Died September 15, 2011 Serving During Operation Enduring Freedom
22, of Asheville, N.C.; assigned to 1st Battalion, 5th Marine Regiment, 1st Marine Division, I Marine Expeditionary Force, Camp Pendleton, Calif.; died Sept. 15 in Helmand province, Afghanistan, while conducting combat operations.
‘He was a die-hard Marine’
By John Boyle
The (Asheville, N.C.) Citizen-Times
ASHEVILLE, N.C. — With hundreds of words, preachers delivered carefully crafted, heartfelt eulogies about Cpl. Michael Dutcher at his funeral.
But his friend and fellow Marine Cpl. Derrick Allen needed just one to capture Dutcher’s essence.
“I can sum it up with one word: amazing,” said Allen, who attended Asheville High with Dutcher. “He was a die-hard Marine. It didn’t matter what was going on — if he had to do something Marine-related, he did it.”
Dutcher, 22, died Sept. 15 in Helmand province, Afghanistan, after being wounded by an improvised explosive device. Hundreds of people, including numerous fellow Marines, turned out for his Sept. 23 funeral at Trinity Baptist Church. Interment followed at Western Carolina State Veterans Cemetery in Swannanoa.
A 2007 graduate of Asheville High, Dutcher was a member of the marching band and the JROTC.
A photo montage before the service depicted an all-American childhood — Dutcher playing the trumpet, hugging the family’s basset hound, posing in his soccer uniform, in a tux for his senior class portrait, hugging his twin brother, sitting on a motorcycle, then at basic training. The last few shots show his casket returning to Asheville Regional Airport this week, the family gathered nearby.
The Rev. J. Michael Brown, pastor of Crossroads Assembly in Asheville, where Dutcher was a member for years, said Dutcher “represented the very best of our mountains.” He mentioned a past slogan of Buncombe County, “Men to match our mountains.”
“Michael indeed matched our mountains in courage, faithfulness and integrity,” Brown said. “He’s one of our sons, and he’s one of our heroes.”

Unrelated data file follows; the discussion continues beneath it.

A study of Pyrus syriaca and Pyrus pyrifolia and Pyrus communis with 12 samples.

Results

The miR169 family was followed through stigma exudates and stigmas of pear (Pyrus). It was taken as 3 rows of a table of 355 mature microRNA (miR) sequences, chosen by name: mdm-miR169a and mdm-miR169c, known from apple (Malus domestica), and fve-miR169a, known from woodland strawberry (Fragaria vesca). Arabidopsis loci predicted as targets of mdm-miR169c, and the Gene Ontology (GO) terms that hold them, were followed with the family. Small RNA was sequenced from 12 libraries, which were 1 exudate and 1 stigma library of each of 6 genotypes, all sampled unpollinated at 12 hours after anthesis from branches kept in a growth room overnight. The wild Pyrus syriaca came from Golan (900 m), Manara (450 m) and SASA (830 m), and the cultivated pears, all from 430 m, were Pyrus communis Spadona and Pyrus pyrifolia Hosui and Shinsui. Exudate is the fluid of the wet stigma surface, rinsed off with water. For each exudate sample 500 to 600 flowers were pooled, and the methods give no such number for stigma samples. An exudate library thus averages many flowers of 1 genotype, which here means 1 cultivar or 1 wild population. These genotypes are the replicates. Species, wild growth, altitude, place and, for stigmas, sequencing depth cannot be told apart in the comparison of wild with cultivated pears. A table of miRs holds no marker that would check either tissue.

Brown described how Dutcher comforted his mother, Teresa, and his twin brother, Tim, after their father died in 2005.
During the service, Marines presented Teresa Dutcher with three posthumous honors: Honorable Service in the U.S. Armed Forces, the Combat Action Ribbon and the Purple Heart. Dutcher had just 20 days left on his tour.
“His bags were packed, and his motorcycle was ready at Camp Pendleton for a cross-country trip,” Brown said.
But Dutcher refused to just phone it in during the final days of his tour, leading the way on a mine-sweeping mission.
“He was brave, he was bold, he was faithful — and he was young,” Brown said.
That all sounded exactly right to Matthew Foreit, a Navy corpsman who served as a medic with Dutcher’s unit in Afghanistan. Foreit lost his lower right leg to an IED about two weeks before Dutcher was hit.
“He was always helpful. No matter what was going on, he was willing to help out his fellow Marines or sailors,” Foreit, sitting in a wheelchair, said after the service. “And he was really resourceful. He showed me the ropes and taught me a lot of stuff.”
Dutcher was assigned to 1st Battalion, 5th Marine Regiment, 1st Marine Division, I Marine Expeditionary Force, at Camp Pendleton, Calif. In Afghanistan, he went to Sangin district, one of the most dangerous places in the war-torn country.
At least 288 NATO service members were killed in Helmand province in 2010.
Dutcher, who joined the Corps after high school, is the 19th member of the armed forces from western North Carolina to die in Iraq or Afghanistan.
He was recently engaged to marry Rachel Adams of Asheville. Dutcher also had decided that he wanted to go to college and eventually teach history.
The Rev. Ralph Sexton Jr., pastor of Trinity, told the family to take solace in the outpouring of love from the community and knowing that their brother and son was dearly treasured.
“We know there’s nothing we can say; words are meaningless and there’s no way we can repair your broken heart,” he said.
After a final prayer, seven of Dutcher’s fellow Marines surrounded his flag-draped casket, carefully hoisted their fallen comrade and slowly carried him past his community to a waiting hearse.